Breaking: Immigrant Detainees Start Another Hunger Strike at Theo Lacy
For the second time in less than a year, immigrant detainees have started a hunger strike inside Theo Lacy jail in Orange. The Weekly received word today that the action began with as many as 52 detainees refusing meals. While the Orange County Sheriff's Department confirmed the hunger strike started yesterday at breakfast, it claims that the number of people participating in it has already dwindled from about 20 down to just one.
Either way, the strike aimed at bringing attention to poor conditions at the jail continues. Detainees reportedly started the action after being denied air conditioning during prolonged heatwaves, having tasteless meals served cold, and immigration case work thwarted by jail authorities. They point out that day room privileges are only granted in the early morning and late at night, disallowing them from making phone calls to attorneys and embassies during working hours. They also say that law library visit requests are needlessly delayed for up to 2-3 weeks. Lastly, the immigrant detainees complain that jail authorities manage to lose important legal documents when asked to make photocopies.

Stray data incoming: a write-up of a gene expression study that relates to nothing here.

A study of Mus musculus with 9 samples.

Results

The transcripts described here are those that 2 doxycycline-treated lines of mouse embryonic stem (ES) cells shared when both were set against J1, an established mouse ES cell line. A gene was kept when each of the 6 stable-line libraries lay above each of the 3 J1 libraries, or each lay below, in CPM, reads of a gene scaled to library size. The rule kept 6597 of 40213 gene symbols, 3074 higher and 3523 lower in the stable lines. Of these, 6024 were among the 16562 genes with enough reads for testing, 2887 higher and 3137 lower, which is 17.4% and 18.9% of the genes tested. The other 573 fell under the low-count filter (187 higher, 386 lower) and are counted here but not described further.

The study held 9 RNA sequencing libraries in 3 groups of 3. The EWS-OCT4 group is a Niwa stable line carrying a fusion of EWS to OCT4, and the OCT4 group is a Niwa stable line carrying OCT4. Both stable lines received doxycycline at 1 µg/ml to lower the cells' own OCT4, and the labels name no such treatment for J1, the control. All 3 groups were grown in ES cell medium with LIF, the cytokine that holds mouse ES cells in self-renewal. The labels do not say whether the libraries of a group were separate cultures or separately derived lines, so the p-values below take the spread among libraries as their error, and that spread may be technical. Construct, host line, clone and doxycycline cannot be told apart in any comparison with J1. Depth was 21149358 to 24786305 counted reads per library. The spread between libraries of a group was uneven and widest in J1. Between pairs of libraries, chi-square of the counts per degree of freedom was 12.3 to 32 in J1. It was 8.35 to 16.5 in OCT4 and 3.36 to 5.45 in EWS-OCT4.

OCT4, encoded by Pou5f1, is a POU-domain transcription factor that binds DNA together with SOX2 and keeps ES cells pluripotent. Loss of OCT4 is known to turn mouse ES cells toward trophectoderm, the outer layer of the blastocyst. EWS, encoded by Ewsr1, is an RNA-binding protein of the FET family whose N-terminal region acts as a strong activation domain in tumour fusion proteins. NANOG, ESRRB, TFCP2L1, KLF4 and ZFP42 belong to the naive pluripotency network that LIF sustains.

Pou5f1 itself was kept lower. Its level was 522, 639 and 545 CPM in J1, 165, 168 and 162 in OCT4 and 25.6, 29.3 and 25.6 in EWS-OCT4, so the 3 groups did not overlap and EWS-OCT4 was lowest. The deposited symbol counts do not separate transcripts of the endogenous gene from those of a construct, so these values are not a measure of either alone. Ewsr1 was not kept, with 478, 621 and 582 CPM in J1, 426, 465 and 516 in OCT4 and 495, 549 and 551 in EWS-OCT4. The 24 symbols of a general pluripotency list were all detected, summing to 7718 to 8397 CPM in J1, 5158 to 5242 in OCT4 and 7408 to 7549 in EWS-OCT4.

Carrie Braun, a spokeswoman for the OC Sheriff's Department, only relays that the strike centered around day room access.
This week's action is the second hunger strike by immigrant detainees at Theo Lacy in less than one year's time. Last Thanksgiving, mostly South Asian immigrants refused meals until explicitly political demands were met to end all detentions and deportations. The hunger strike ended quietly but the discontent in the cells continues. Community Initiatives for Visiting Immigrants in Confinement (CIVIC), filed a complaint on behalf of 10 detainees last December alleging physical abuse by Orange County Sheriff Deputies and poor conditions at Theo Lacy. The jail, of course, was also dinged in 2012 Detention Watch Network report for being one of the worst immigrant detention facilities in the United States.
CIVIC points to the hunger strike and complaint as reasons why State Senator Ricardo Lara's Dignity Not Detention Act is sorely needed to uphold humane treatment standards in private and public facilities.